Subject: [Stop-traffic] News/Europe: Europe home to thousands of domestic slaves
From: Melanie Orhant (firstname.lastname@example.org)
Date: Wed Nov 14 2001 - 09:23:46 EST
Europe home to thousands of domestic slaves
By Elizabeth Bryant
United Press International, January 9, 2001
PARIS (UPI) -- Thousands of domestic servants in Europe are subjected to
long work hours with no holidays or decent living accommodations --
conditions amounting to domestic slavery, according to a report by the
European Council in Strasbourg.
"Working conditions and accommodation offend against human dignity," said
the report, which estimates that about 4 million women are sold into
domestic slavery each year.
"These women work between 15 and 18 hours a day, without ever being allowed
a day off," it said. "They do not have their own rooms, and often have only
their employers' leftovers to eat."
Many of the employers are from West Africa and Middle East, but others come
from Europe, Asia and the United States. Roughly 20 percent of them are
diplomats, or have other special postings, allowing them immunity from
prosecution, the European Council reported.
In France, roughly 200 cases have been specifically taken up by the
Committee Against Modern Slavery, a private group in Paris. But the report
estimates several thousand women have worked as "domestic slaves" in France
to date. Many come from West Africa, but others are from Madagascar, India,
Sri Lanka and the Philippines.
"In France, trafficking in human beings and enslaving others are not
criminal offenses as such," the report added.
"Slavery is explicitly reproved only as a crime against humanity" which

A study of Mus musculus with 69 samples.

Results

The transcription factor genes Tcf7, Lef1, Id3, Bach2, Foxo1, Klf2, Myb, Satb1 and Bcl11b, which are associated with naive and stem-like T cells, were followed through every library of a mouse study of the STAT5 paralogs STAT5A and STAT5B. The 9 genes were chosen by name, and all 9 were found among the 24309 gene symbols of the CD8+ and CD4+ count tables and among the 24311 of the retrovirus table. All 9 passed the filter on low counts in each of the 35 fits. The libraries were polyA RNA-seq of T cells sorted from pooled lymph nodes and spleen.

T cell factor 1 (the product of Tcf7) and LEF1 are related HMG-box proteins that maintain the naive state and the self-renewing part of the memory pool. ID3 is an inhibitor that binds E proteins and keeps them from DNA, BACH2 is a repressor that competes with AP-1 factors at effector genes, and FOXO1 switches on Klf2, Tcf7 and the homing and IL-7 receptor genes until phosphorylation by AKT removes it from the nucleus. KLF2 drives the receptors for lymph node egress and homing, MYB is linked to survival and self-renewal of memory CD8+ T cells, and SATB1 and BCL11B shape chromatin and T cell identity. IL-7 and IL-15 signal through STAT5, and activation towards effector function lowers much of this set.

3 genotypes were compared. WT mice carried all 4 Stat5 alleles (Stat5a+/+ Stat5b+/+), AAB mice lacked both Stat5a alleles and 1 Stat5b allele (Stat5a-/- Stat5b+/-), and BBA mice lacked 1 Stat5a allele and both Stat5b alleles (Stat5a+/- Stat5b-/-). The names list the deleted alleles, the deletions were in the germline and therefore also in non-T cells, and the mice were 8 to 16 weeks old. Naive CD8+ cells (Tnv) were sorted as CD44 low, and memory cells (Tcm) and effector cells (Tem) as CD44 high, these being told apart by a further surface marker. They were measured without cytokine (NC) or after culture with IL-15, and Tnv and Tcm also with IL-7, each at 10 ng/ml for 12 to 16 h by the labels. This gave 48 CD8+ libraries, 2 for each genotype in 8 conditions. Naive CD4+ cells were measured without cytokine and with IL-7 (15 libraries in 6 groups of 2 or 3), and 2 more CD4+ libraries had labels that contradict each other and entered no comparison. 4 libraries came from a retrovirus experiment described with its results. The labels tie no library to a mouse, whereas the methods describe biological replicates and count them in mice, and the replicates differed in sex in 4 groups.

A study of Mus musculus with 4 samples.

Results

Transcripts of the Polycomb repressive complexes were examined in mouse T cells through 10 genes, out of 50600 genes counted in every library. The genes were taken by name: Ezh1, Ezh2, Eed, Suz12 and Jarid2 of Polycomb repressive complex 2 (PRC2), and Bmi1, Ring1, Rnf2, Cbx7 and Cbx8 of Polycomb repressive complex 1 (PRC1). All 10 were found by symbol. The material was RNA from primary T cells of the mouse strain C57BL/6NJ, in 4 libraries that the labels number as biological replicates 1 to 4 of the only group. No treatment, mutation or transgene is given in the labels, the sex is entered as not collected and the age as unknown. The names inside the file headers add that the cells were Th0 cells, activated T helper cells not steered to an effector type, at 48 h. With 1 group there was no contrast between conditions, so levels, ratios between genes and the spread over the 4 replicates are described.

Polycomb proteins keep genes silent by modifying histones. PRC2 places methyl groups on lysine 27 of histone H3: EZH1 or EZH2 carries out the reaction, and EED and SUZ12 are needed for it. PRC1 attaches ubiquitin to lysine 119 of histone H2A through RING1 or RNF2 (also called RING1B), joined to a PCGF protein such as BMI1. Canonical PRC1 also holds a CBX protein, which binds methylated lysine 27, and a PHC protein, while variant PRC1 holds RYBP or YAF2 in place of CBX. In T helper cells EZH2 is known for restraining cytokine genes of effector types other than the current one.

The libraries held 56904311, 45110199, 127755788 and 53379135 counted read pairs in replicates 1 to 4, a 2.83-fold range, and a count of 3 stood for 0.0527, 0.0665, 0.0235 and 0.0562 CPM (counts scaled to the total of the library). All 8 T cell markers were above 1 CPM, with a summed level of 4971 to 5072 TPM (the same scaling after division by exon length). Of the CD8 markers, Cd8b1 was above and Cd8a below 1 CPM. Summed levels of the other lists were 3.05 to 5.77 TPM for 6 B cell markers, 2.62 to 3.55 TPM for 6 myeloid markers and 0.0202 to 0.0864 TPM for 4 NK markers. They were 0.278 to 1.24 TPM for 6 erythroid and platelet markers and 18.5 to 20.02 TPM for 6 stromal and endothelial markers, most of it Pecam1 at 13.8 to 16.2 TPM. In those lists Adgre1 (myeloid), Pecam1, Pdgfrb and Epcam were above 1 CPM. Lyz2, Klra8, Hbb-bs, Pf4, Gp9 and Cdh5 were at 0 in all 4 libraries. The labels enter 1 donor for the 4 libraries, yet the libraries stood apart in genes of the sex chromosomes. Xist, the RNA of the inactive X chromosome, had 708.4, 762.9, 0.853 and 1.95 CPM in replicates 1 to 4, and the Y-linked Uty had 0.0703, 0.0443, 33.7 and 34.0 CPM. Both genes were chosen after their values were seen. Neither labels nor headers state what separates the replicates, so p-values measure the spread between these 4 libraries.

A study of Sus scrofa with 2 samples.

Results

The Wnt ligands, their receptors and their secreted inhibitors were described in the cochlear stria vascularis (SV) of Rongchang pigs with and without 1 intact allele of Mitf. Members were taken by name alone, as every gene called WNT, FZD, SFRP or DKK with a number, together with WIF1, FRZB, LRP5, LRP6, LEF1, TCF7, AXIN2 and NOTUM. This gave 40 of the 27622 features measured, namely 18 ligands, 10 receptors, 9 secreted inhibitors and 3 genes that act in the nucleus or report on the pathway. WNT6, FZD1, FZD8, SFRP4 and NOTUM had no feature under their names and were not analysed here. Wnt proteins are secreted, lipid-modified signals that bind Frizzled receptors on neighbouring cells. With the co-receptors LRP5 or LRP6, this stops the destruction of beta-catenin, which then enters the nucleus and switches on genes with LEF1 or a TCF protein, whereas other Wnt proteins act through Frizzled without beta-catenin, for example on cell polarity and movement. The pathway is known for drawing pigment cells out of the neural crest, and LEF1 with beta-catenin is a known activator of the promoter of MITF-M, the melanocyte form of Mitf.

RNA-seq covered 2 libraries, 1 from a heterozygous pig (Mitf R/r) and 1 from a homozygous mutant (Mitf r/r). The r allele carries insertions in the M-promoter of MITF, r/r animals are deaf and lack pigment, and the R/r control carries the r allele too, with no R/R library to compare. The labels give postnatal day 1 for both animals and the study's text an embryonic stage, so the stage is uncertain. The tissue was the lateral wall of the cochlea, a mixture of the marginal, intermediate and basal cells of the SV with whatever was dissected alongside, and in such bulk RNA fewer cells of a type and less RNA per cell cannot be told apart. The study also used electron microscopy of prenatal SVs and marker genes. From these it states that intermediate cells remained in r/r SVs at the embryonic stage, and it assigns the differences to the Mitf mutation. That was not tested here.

suggests a mass act, and cannot be applied in cases of domestic slavery.
In many cases, servants do not speak the language of the foreign country
they work in, the commission reported. They are unaware of their rights,
and cut off from family and other ties. Many are illegal immigrants, who
fear reprisal if they lodge a complaint against their employer.
Moreover, despite a 1997 declaration by the European Union to fight
trafficking of humans, legislation and enforcement measures in Europe
remain spotty. Belgium, Italy and Austria have taken measures to protect
trafficking victims, the report said, including judicial efforts to combat
trafficking, and temporary visas and help for the victims.
But France and the United Kingdom have not passed laws specifically
targeting domestic slavery victims. Much of the assistance instead comes
from nongovernmental organizations, the report said.
The council has called on European countries to boost prevention efforts
and legal assistance to domestic workers.
Among other measures, the report calls for creating compensation funds for
victims, granting residence permits, and setting up specific departments to
deal with domestic slavery.
rights abuses associated with trafficking in persons, with a strong
emphasis on public health. The focus of Stop-Traffic is the
trafficking in persons into sweatshop labor, domestic servitude,
forced prostitution, forced agricultural labor and coercive
mail-order bride arrangements. Trafficking in people for forced
labor is an ever-growing worldwide phenomena that affects the health
and well-being of millions of women, men and children.